In all my years of printing and teaching printing workshops, the single most important thing…
As any outdoor photographer knows, winter can be a challenging time to get inspired about shooting, especially when the weather turns cold, the colors seem drab, and we long for the warm days of summer. Surprisingly, here in the northeast we’re experiencing some very warm weather, and winter seems all but gone. Even so, winter can provide many unique and interesting conditions, and your favorite locations can become new and fresh again with just a little imagination and letting yourself become open to discovery. Time, patience, and some luck (which we all know comes from hard work) all play a role in your success as a nature photographer. Here as some tips and ideas to keep you motivated while me move towards greener days ahead.
1- Focus on textures that help provide visual interest
Even in the grey days of winter, look for interesting textures that provide visual rhythm, something that keeps the viewer interested, whether a pattern or a shape. Here I focused on the foreground, which I thought had amazing detail that gives the eye something to spend time on, and keep a viewer from wandering out of the image.
I always teach that a photograph should have a clear subject, and here it’s definitely the grasses in the foreground. Find patterns that help emphasize textures, and use optimal apertures , the sweet spot of any lens, to capture as much detail as possible. For most 35mm lenses, f/8 to f/11 works best.
Above you can see how I try to lead the eye of the viewer through texture, light and shadow, and perspective. The foreground detail really provides the foundation for interest, and the highest areas of contrast (where the arrows are pointing) pull the eye back into the image creating depth and dimension.
2- Always be aware of light
Awareness of light, its direction, quality, movement, intensity, and emotional impact is a crucial skill to practice. I never get tired of studying light, and always learn something new each time I go out into the landscape. Great light works in any situation, just as emotional impact will always prevail over a technically perfect image. I watched the light begin to illuminate the tops of the mountains in the background, and knew by the color and quality it was special.
The challenge for me was deciding how much of the mountains I wanted illuminated. Too little and the intense color doesn’t really have the impact I want – too much and the feeling I want to convey, involving the viewers imagination, is gone.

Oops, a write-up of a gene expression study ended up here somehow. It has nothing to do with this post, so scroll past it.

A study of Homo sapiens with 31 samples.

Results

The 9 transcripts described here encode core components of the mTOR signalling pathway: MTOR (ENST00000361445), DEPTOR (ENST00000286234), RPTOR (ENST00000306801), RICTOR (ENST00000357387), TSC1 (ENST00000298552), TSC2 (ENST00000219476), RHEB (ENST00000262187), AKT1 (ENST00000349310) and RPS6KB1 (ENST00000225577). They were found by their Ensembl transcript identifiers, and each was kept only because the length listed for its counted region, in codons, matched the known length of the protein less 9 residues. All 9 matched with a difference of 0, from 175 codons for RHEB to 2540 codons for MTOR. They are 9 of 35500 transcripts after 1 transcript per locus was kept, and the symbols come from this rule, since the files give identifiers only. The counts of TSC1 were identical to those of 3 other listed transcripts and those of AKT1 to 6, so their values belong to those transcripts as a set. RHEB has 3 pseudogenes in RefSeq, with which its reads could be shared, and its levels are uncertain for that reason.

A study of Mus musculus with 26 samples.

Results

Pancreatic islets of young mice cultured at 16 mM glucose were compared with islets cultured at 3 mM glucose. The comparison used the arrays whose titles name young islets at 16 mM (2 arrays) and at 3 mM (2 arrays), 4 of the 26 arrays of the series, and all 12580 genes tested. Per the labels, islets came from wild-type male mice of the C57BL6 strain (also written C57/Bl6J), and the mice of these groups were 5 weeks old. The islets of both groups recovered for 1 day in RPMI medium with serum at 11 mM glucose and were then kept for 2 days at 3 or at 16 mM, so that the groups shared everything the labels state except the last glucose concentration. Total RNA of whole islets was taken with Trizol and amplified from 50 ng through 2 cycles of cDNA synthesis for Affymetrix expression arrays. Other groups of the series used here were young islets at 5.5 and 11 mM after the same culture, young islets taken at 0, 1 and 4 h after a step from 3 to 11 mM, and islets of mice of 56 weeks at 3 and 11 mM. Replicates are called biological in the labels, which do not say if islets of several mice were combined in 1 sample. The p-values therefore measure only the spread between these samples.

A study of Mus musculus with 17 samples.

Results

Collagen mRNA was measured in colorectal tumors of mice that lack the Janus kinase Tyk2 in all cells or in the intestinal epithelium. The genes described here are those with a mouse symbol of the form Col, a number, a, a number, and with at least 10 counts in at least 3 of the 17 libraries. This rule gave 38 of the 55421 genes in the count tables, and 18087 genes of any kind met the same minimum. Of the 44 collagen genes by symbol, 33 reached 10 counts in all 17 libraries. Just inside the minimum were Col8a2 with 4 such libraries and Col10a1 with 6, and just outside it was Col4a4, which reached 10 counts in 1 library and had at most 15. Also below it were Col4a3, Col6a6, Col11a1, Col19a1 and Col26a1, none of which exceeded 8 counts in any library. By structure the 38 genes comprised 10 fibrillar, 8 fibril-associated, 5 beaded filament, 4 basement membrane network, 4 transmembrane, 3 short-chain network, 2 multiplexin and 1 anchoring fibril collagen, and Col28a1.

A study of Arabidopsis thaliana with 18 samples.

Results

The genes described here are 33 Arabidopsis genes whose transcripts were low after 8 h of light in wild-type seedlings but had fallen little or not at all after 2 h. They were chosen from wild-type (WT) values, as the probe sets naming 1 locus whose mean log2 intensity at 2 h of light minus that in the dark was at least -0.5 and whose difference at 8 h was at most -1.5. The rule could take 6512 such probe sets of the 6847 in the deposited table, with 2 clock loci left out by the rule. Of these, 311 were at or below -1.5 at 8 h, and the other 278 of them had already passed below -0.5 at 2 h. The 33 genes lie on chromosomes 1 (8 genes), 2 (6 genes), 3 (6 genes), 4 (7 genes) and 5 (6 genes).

Successful composition is a question of balance and simplicity – as Edward Weston famously said “Composition is the strongest way of seeing.” Balancing the foreground details, colors, and shadows with the richness and color of the light is the essence of this photograph. Whether I succeeded or not is up to the viewer, but for me it captures how I felt about that special moment in time that morning.
3- Experiment with different techniques
Because the scene was so wide, I also decided that it would be a panorama, so I shot 5 horizontal images, then stitched them in Auto Pano Giga. This is a great piece of software for stitching of images, and I find it consistently does a better job than Photoshop in regards to alignment and smoothness.
For this I setup my tripod and mounted my camera with a bubble level attached to the flash port. Once I made sure the camera was perfectly level, I could then rotate it horizontally without any worries about the horizon shifting significantly. I captured the 5 images in manual mode to keep my exposure settings consistent, overlapping each about 25%. I approximate the overlap visually in the viewfinder, and with practice it becomes easy – when in doubt, play it safe and capture more than you think you need.
I processed the 5 images in Lightroom, exported them to Auto Pano, and when the stitch was completed successfully, re-imported back into Lightroom for final tweaks and adjustments. This included cropping to remove the black edges, and some slight dodging of the foreground.
4- Focus on details
While this should be on your mind in any kind of weather, cold weather turns water into a myriad of different abstract shapes, textures, and reflective surfaces – all worth exploring with your camera. Remember to fill the frame as much as possible, use leading lines to lead the viewer into the image. While many of us know the rule of thirds, try and forget it for a bolder composition instead. Often it’s when the rules are ignored that you free yourself to experiment and take chances.
These are a few tips and ideas that I worked with on my recent shoot. Mostly I hope they inspire you to get out and enjoy nature, regardless of the weather.
Please leave your feedback and comments below – I’m always happy to answer questions.